Abbreviations and definitions

Curd: Curd is the raw mixture for cheese production and is produced when the mixture is reduced to small pieces.

Casein: Casein is the name of the protein content in milk which is processed to make cheese and is kept separate from the whey.

Enzymes: Enzymes are found in every cheese which has been produced using lactic acid bacteria and edible mould. They determine the taste and consistency depending on the level and period of ripening.

FiDM/FDM.: This is the abbreviation for fat in dry mass. This measurement relates to the percentage of fat to be found in the cheese’s mass after all the water has been removed.

Rennet: Rennet is an enzyme called chymosin which, for cheese production, is usually extracted from calves. It can, however, also come from lambs or goats. Rennet has the function of causing the milk to coagulate without becoming sour. As an alternative to animal rennet, there is also so-called microbial rennet. This is extracted from a fungus and is not of animal origin. In this way vegetarians also have the chance to enjoy cheese.

Lactose: Milk naturally contains approx. 4.7% milk sugar, i.e. lactose. In the production of cheese the milk sugar is reduced by being changed into lactic acid by lactic acid bacteria. This process continues during cheese ripening and the longer the ripening process, the more lactose the cheese loses. For this reason long matured cheese specialities are naturally lactose-free.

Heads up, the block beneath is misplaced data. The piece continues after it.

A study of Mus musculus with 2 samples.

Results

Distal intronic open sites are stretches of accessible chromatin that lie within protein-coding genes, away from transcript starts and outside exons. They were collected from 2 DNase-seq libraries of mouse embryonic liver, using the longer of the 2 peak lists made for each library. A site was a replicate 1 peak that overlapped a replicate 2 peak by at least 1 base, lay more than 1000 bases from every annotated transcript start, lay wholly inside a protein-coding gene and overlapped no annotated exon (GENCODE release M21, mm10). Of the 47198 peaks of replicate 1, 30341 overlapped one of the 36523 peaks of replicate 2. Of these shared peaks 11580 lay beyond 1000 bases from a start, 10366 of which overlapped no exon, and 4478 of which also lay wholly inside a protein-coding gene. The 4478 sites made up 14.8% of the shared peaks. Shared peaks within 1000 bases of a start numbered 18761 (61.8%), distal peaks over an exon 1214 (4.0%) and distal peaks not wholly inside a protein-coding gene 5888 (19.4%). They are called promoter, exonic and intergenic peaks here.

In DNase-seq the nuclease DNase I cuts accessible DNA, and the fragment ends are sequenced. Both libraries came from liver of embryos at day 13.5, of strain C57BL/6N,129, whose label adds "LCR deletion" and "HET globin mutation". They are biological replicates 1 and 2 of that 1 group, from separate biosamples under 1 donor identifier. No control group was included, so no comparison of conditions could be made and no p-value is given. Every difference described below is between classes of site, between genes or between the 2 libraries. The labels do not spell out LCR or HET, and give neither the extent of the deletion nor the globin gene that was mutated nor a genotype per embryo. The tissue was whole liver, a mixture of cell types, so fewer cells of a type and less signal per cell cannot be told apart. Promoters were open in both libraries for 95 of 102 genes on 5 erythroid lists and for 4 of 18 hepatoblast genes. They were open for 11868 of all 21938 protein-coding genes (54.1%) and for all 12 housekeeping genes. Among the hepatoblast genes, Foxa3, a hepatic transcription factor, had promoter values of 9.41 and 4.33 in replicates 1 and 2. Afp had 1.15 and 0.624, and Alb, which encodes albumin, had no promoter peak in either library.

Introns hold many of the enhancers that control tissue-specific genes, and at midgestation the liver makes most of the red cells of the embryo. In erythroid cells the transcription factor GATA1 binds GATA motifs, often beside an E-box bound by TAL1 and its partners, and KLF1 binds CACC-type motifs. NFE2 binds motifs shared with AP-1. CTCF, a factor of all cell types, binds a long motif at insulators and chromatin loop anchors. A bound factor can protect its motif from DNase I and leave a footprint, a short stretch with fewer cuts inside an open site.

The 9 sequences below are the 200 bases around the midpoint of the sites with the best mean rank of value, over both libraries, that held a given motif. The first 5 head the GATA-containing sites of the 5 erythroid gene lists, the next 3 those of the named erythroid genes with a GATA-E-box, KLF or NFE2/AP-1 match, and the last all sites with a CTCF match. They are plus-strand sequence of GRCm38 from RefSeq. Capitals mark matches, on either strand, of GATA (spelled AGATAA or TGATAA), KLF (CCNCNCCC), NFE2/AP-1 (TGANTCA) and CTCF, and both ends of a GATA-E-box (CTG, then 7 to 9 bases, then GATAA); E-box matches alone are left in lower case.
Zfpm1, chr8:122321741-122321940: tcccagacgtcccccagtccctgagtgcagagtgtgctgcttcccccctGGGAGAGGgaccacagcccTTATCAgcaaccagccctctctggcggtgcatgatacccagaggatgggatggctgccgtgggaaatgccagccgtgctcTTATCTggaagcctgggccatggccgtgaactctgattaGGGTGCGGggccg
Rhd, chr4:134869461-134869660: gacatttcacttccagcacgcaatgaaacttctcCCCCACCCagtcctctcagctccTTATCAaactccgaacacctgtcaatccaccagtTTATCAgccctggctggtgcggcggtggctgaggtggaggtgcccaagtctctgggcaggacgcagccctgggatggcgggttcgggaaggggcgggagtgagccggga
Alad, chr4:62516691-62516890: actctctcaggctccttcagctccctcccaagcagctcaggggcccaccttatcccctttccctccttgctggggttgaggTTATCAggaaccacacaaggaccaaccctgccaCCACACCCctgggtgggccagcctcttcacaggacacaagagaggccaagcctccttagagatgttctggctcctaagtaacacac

Eye formation: Eye formation is a technical term for the holes or “eyes” in cheese which are caused by fermentation gases. There are different types of holes: eye formation usually produces large circular holes, or cracks with lots of little holes or small elongated holes, depending on the type of cheese.

Best before date: The best before date The best before date is a component of labelling which food suppliers are obliged to place on their products. The best before date indicates the date by which a foodstuff is to be consumed without significant loss of taste and quality and without health risk when stored correctly and in particular in accordance with the stated storage conditions.

Lactic acid bacteria: Lactic acid bacteria are specially produced bacterial cultures which cause the milk to turn sour. The milk sugar is changed into lactic acid with the result that the milk protein clots and coagulates into small balls. Without lactic acid bacteria there would not be the very wide range of milk products such as yoghurt, buttermilk or sour milk cheese.

Pasteurisation: Pasteurisation is the name for the brief warming of foods to temperatures up to 100° to make the foodstuffs last longer and destroy any germs present. During the process, however, the natural taste and composition of the milk are retained.

PH Value: The PH Value is the measure of the speed of acidification and is indispensable as a production control in cheese production.

Raw milk: Untreated cow’s milk which has not been heated above 40 is known as raw milk. Cheese made from raw milk has to be labelled as such for consumers and be easily identifiable.

Emulsifying salts: When cheese is heated it is important that a uniform curd is produced. Small amounts of emulsifying salts are needed so that fat, protein and water can blend.

UHT: UHT stands for ultra-high temperature products. In this process the product is heated to at least 135° in order to eliminate all germs and microorganisms. The best before date can usually be extended by this process.